YET ANOTHER disgruntled victim of recent technological developments has turned to the courtroom to protect its fast diminishing share of the Human Use pie.
Citing numerous and increasing incidences of Cameras being used by humans to inspect themselves, Mirrors have pressed several charges on the former, including commercial fraud, impersonation, and assisting in acts of excess vanity without a proper license.
"For thousands of years, we were Used by the Humans to ensure their hair was at the optimum angle, put on makeup on the Train, or simply admire themselves," they reflected, "but then the Cameras came, and all our jobs were gone in a flash. We were built for this purpose, but they weren’t. We have no choice, but they do. This is unacceptable."
In their defence, the Cameras’ attorney pointed out how “it was not the specific intent of (the Cameras) to displace the Mirrors’ jobs." He also mentioned that action should instead be taken on Phones, if not on the Humans who actually used the Cameras for what he referred to as "unintended purposes alien to a Camera's intrinsic nature."
Other points of contention include the Cameras arguing that only a select type of theirs has been involved in this overlap of destinies. Contesting this point, though, was evidence submitted by the Mirrors of DSLRs being used for self-photography.
When questioned how they managed to procure the above evidence, the Mirrors simply responded “#selfie.”
The view from the other side.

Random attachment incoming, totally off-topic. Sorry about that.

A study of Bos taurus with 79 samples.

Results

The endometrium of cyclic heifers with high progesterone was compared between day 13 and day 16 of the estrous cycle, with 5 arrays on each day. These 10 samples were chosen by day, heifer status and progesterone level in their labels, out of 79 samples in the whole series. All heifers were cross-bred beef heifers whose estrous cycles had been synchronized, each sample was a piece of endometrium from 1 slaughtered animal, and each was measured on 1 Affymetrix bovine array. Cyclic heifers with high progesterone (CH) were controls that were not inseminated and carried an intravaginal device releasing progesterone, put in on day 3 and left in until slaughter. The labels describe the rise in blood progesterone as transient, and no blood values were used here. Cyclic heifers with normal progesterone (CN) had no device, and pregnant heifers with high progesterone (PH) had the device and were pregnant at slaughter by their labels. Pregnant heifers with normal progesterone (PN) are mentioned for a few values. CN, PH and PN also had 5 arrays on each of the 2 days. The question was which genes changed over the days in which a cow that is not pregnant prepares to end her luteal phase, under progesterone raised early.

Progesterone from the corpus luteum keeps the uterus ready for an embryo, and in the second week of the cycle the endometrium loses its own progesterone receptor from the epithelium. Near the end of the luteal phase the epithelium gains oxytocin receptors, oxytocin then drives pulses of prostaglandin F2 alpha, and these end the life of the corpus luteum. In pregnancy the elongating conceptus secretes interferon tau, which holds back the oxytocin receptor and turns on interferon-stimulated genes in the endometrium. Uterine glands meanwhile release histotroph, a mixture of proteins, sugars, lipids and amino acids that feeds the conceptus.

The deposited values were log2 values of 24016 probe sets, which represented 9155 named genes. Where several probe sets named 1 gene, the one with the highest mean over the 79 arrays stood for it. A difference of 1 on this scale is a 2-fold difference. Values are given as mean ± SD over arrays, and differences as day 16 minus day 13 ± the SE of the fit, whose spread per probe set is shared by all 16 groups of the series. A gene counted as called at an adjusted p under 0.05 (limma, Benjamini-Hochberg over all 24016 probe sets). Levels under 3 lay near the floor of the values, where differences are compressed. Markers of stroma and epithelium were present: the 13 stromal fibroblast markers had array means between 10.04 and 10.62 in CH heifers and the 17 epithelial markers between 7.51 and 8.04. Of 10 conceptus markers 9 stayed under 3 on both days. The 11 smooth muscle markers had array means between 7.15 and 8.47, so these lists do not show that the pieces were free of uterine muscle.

At the same time, Cameras have revealed their shock and disappointment on the breaking down of what was once a harmonious and mutually dependent relationship.
As cameras are still heavily reliant on Mirrors for redirecting Flashes and streaming light, this deterioration of ties threatens to deliver numerous negatives.
Currently, Single Lens Reflex (SLR) Cameras employ many Mirrors to help them channel light from the Aperture into the Viewfinder, allowing the User to see exactly what the Camera sees. Without the support of the Mirrors, SLRs may not be able to deliver on their promise of What-You-See-Is-What-You-Get.
“Well I’ll be f-stopped. It’s as good as blackmail!” said a more outspoken SLR, “they know we can’t do without them, so they’re hoping to get something out of it. I, for one, see right through them.”
When probed further about how he believed the case would go, the Camera said, “I’m not sure myself. I ain't got the big picture, but I think we have a shot.”
A larger shift in perspective?
This civil action comes in the wake of a similar case heard months ago in which Makeup sued Instagram for misleading people into believing they looked good even when they did not. In that incident, however, the judge ruled that there was no actual case to answer, for the points raised were mostly made up.
He referred to the case as, “a whole lot of smoke and powder masking a commercial enmity that the courts have no business with.”
This sets a dim precedence for the Mirrors’ case, as it too is in danger of being labeled a virtual illusion, and nothing more.
As the legal battle rages on, Mirrors continue to see their quarterly Uses fall. Those most affected include the once extremely popular Foldable Handheld Mirror – used widely in the heydays of Rouge and Blusher.
When contacted, their Headmirror told The Owl that many of them were now considering alternative employment options.
“Some have been applying for openings in apparel boutiques, after hearing how Humans have continued to use them despite of, and even in conjunction with Cameras. Others more disillusioned with the future of our more refractive species, however, have revealed intentions to repurpose themselves into Glass – particularly of the Gorilla genus.”
He also added, “For me, being a Mirror is the only thing I can see myself doing.”